Jesse Panuccio: The Supreme Court and the rule of law

The Obama Administration is applying a full-court press on the issue of the U.S. Supreme Court vacancy created by the passing of Justice Antonin Scalia.

President Barack Obama made the case for his nominee last week at the University of Chicago Law School, an institution that the White House said “helped shape his dedication to the rule of law.”

A few weeks earlier, Vice President Joe Biden delivered a speech at Georgetown University, urging Senate action on Obama’s nominee.  The vice president declared that “the rule of law” will “collapse” if the Senate does not “accept the presidential nominee.”

With all this talk about the rule of law — a foundational principle in America — it’s important to understand just what it means.

The main author of the Constitution, James Madison, explained in the Federalist Papers that “law is defined to be a rule of action,” and that such rules must be “fixed” and “known.”

Any rule that is uncertain “poisons the blessings of liberty.”  In other words, the rule of law means that government officials cannot act on their whims and do whatever they want — they are bound by rules made in advance.

As John Adams put it, the American ideal is “a government of laws, and not of men.”  The Founders also believed the governed should have a say in the rules that govern them, so they created a republic in which we elect representatives to enact the rules.  If these written rules are to change, they can only be changed through another vote by our representatives.

All of this seems pretty straightforward — right out of high-school civics class.  Yet the notion that written law has a fixed meaning unless democratically changed has not been straightforwardly applied in the U.S. Supreme Court in recent decades.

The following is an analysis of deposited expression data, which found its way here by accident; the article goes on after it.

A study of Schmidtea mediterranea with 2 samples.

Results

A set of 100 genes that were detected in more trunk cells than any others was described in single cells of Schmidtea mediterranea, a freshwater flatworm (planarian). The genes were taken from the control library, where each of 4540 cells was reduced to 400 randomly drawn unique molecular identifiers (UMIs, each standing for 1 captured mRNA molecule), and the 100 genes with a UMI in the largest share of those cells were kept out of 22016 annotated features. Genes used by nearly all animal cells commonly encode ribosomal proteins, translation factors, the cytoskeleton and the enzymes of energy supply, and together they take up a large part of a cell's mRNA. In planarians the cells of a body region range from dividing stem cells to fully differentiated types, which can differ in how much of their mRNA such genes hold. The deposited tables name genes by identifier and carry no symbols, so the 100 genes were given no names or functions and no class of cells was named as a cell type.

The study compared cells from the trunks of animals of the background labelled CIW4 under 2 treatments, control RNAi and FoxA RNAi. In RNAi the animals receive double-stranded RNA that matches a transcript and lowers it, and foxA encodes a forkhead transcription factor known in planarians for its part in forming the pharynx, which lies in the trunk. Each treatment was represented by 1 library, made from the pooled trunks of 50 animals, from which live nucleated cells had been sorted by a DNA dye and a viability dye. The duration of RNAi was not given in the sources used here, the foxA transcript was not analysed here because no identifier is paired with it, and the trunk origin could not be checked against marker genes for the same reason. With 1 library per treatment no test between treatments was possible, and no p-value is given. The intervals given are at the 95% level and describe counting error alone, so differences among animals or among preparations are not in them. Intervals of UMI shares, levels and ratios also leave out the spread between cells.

Instead, some justices have taken the view that the meaning of our supreme written law, the Constitution, changes over time, even if the words stay the same.  It’s a theory that has come to be known as the “living Constitution.”

At another Georgetown University speech, in 1985, U.S. Supreme Court Justice William Brennan explained this theory.  He argued that judges should not “restrict” the words of the Constitution to their original meaning, and instead should account for “social progress” and pronounce what “the words of the text mean in our time.”

He argued that Supreme Court justices should articulate “the community’s interpretation” — or, if they think the community interpretation is wrong, “point toward a different path.”  In other words, a Supreme Court justice should interpret the Constitution to mean whatever the justice thinks is right for society at that time –maybe based on some sense of what society wants, but ultimately based on what the justice personally thinks is best.

This is what the fight over Supreme Court vacancies is all about.  It’s strikingly simple, but monumentally important.

There are two schools of thought on constitutional interpretation.  One school says the written law is unchanging, and the words mean today what they meant when they were written by elected representatives.  If society wants to change that meaning, it can do so by voting to change the written law.

The other school says that unelected Supreme Court justices can change the meaning of written law, when and how they see fit.  The first school establishes the rule of law, equal for everyone at all times.  The second school establishes the rule of men, unknowable in advance and based on a judge’s personal views. This second school of thought, as Madison feared long ago, “poisons the blessings of liberty” and undermines democracy.

Obama and Biden have spent their entire careers supporting the “living constitution” view.  Indeed, in a 2007 speech, Obama said that when selecting judges he would ask: “What is in the justice’s heart? What’s their broader vision of what America should be?”

If that’s what the Obama administration wants justices to do — to say not what the law is, but what it should be — it is hard to take seriously the vice president’s exhortations about the rule of law.

Obama complained during his University of Chicago address about “what’s happened generally to the process of appointing federal judges.”

But if the Supreme Court justices are to act as the president wants — to be super-legislators, imposing policy instead of applying the law as enacted — then it’s little wonder judicial nominations have become political battles.

As Scalia once explained: “If we’re picking people to draw out of their own conscience and experience a ‘new’ Constitution, we should not look principally for good lawyers. We should look to people who agree with us. When we are in that mode, you realize we have rendered the Constitution useless.”


Jesse Panuccio is a Florida-based attorney. Column courtesy of Context Florida.